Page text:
Jon Hamm Talks About Rape And The Lack Of Positive Male Role Models

Illustration for article titled Jon Hamm Talks About Rape And The Lack Of Positive Male Role Models

Get ready to fall even more in love with Jon Hamm. Seriously. There are new levels of adoration for this man and we're about to discover them together.

Hamm was recently a speaker at the Rape Treatment Center benefit brunch in Beverly Hills where he spoke about his pre-Mad Men employment history — which we will refer to as phase one of your ever-deepening affection.

Apparently, the man behind Don Draper is a former high school teacher and also worked at a daycare center. Hamm said he's always felt very connected to children, which he attributes to being the child of a single parent —and thus spending "the majority of my life in daycare, after school programs, summer school programs," which brings us to phase two:

Hamm said, "Having gone through what I had gone through as a child...there were no real male role models in any of these places. There were never any dudes. It was a bummer as a young man to, not only not have a father figure in my life, but no real male figures as teachers or as educators or as afterschool program leaders or anything," he said.


Hamm made the point to emphasize the importance of the Rape Treatment Center's educational outreach, especially for boys and young men. "It is an important thing to instill in a younger generation about the impact of rape, the lasting impact of rape," he said, adding, "Children from grade school to high school to college are incredibly susceptible and incredibly malleable, as we all know. To get them early, to teach them about the facts and figures and other realities of rape is key. It is an important issue to me as not only a man, but as an educator, as a human being and as a person on this planet."


Rape is not a female issue. Rape is everyone's issue, which is why it's often an incredibly powerful thing to have a man stand up and say that. Obviously, I'm not saying it's any better or worse or that one's ability to be taken seriously has to be tied to gender but in terms of reaching a larger audience of men, I do think that there's something powerful about a man —especially a widely respected and beloved man such as Hamm— standing up and encouraging other men to educate themselves and their sons on what they can personally do to prevent rape, instead of continuing to simply tell women to protect themselves or "dress differently" (ugh).


Hats off to you, Jon Hamm for shedding light on this fact. And being super, super crazy dreamy.



humbleasdoves01-old
humbleasdoves01

Sorry this is crazy-ass long, but this is a BIG issue for me personally, and I needed so, so badly to read something like this today. This morning I came to the tough decision that, no matter how much I wanted to be there, I just couldn't attend the NYC Slutwalk today, because my PTSD symptoms surrounding uniformed police officers and police vehicles is still too intense. It doesn't help that I'm coming up on the one-year anniversary of my rape, when I was told by the officers who responded to my 911 call that what I explained had happened to me wasn't a crime, because "a woman like [me]" (referring to my dress and perceived sexuality) should have "expected what [I] got." For me, the trauma inflicted by my treatment by this group of men - and one single, solitary woman officer in the crowd, who very vocally made sure that no one on the street would mistake HER for someone like ME - ended up being even more painful and more damaging in the long term than the assault itself.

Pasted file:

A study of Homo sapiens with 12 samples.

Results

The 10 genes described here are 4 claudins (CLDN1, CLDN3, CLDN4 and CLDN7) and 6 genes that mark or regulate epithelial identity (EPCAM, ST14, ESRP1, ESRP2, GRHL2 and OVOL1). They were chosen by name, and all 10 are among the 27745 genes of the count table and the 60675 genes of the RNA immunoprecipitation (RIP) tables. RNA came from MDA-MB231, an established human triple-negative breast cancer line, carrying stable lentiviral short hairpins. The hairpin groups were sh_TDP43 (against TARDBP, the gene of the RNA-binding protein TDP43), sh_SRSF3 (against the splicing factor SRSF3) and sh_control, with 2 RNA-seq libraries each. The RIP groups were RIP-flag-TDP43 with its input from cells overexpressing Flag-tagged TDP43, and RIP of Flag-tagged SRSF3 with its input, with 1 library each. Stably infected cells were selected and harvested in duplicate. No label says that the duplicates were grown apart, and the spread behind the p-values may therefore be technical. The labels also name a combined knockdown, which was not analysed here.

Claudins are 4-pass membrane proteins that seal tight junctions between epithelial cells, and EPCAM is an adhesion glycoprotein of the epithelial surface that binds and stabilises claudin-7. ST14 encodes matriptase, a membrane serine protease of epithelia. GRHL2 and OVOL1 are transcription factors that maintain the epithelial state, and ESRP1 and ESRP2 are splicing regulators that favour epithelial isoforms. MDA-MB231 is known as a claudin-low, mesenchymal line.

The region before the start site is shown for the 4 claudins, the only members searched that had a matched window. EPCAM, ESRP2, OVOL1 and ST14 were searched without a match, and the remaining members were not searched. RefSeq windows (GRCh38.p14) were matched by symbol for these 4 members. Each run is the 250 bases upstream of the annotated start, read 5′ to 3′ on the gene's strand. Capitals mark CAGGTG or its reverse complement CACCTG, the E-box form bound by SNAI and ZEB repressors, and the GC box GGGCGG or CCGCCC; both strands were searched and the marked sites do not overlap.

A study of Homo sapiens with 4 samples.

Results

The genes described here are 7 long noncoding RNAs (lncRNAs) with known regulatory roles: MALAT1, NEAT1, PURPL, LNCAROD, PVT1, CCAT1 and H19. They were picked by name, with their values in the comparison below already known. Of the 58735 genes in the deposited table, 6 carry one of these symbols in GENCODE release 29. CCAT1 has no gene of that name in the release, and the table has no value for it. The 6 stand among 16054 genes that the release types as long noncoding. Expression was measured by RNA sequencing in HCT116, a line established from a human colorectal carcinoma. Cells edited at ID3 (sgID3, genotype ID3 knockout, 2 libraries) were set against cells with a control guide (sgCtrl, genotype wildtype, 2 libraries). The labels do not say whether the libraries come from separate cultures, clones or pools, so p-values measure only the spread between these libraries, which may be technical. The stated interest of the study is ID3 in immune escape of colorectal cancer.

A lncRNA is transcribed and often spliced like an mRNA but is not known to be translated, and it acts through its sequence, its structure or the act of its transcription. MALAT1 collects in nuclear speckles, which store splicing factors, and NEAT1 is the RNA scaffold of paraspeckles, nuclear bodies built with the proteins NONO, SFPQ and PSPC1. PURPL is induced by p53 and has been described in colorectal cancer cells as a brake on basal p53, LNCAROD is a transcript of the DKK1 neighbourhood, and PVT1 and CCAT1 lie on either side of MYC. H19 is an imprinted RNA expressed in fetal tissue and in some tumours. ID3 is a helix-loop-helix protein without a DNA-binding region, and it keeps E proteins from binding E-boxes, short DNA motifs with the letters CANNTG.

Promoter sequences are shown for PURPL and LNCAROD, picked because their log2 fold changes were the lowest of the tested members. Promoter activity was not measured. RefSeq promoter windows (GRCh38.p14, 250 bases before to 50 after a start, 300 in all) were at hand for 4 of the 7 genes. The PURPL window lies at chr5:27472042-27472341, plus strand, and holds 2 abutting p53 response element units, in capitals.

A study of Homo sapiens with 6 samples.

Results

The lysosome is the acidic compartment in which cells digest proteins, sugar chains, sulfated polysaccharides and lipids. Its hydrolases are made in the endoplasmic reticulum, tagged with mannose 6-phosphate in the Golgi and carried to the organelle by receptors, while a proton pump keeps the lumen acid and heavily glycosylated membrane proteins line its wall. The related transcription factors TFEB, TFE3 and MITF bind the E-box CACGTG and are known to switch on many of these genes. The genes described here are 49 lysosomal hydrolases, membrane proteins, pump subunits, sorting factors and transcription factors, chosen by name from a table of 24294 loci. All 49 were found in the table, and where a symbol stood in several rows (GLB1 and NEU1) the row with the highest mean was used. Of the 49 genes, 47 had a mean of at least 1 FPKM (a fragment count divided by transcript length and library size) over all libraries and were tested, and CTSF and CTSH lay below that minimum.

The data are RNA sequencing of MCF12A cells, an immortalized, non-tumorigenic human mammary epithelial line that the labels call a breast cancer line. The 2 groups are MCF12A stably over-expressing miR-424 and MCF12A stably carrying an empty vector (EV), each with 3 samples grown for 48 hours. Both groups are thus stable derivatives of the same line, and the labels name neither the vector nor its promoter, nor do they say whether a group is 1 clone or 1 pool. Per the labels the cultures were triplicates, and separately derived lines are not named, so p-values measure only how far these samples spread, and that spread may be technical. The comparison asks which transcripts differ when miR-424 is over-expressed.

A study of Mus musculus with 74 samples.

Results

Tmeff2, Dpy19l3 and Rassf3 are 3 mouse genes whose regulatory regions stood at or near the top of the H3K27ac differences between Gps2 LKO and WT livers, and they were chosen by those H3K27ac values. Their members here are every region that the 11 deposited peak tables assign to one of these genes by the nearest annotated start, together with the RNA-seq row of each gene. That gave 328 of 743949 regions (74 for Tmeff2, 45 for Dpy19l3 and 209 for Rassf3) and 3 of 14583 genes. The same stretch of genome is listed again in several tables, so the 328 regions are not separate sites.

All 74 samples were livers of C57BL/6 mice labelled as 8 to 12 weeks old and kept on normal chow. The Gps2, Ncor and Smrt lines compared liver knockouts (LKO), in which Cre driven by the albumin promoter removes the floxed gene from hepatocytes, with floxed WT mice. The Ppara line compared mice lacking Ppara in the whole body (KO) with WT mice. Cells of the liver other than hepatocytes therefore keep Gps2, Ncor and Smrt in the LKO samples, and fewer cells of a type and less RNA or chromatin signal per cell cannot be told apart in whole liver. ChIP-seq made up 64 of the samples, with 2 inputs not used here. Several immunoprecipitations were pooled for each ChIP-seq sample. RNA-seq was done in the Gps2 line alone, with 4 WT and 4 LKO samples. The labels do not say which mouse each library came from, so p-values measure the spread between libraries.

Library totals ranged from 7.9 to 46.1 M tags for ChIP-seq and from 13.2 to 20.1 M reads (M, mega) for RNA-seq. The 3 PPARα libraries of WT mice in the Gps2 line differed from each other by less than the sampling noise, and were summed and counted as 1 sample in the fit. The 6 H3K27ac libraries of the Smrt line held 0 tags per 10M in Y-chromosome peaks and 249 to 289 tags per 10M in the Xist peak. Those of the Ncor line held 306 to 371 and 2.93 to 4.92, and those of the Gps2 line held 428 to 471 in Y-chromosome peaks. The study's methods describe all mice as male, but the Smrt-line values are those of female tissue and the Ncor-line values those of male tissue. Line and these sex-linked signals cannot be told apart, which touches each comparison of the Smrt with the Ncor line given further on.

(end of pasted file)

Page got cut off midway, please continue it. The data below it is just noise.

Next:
With no substantive education on the reality of sexual assault for street-level law enforcement, which even with a sprinkling of female officers is still an often downright misogynist environment, these guys had this culturally reinforced vision in their heads that they were going to swoop in like fairytale princes and save the innocent maiden from ravishment, and when what they found didn't fit this ridiculous, paternalistic, gender-normative idea of what Real Rape entails, instantly it wasn't their problem anymore. There was a kind of woman who it was their job to care about and help, and I wasn't it. I've never felt so alone and so betrayed as when this group of a good dozen men, men who were my only line of physical defense from my rapist still in the building behind us, literally turned their backs on me because they didn't think I was worth protecting, because from what they understood, forcing sex on someone like me was somehow something other than rape.

It's bad enough that the man who raped me truly thought that what he did to me was OK on some level because I didn't qualify for Real Rape, but at least you can say to yourself, well, that's one guy, he's fucked up, he's rationalizing his own crime, he's an aberration. But when a DOZEN men, effing LAW ENFORCEMENT PROFESSIONALS, look right at you on a public street surrounded by gaping witnesses and say essentially the same thing... and so does the one FEMALE officer there, who's surely had to fight her way into a supervisory position in this notoriously aggressive boy's club... and when you later find out that this kind of thing is happening in eerily similar ways to other women and girls all over the city... Well, let's just say that it's a nice change to read something that gives me some genuine hope that if men like Jon Hamm who are in the public eye talk about rape as an issue men have a responsibility to care about and understand, as EVERYONE'S issue, even one woman will one day be spared the kind of so-casual male ignorance and cruelty that I'm still coping with.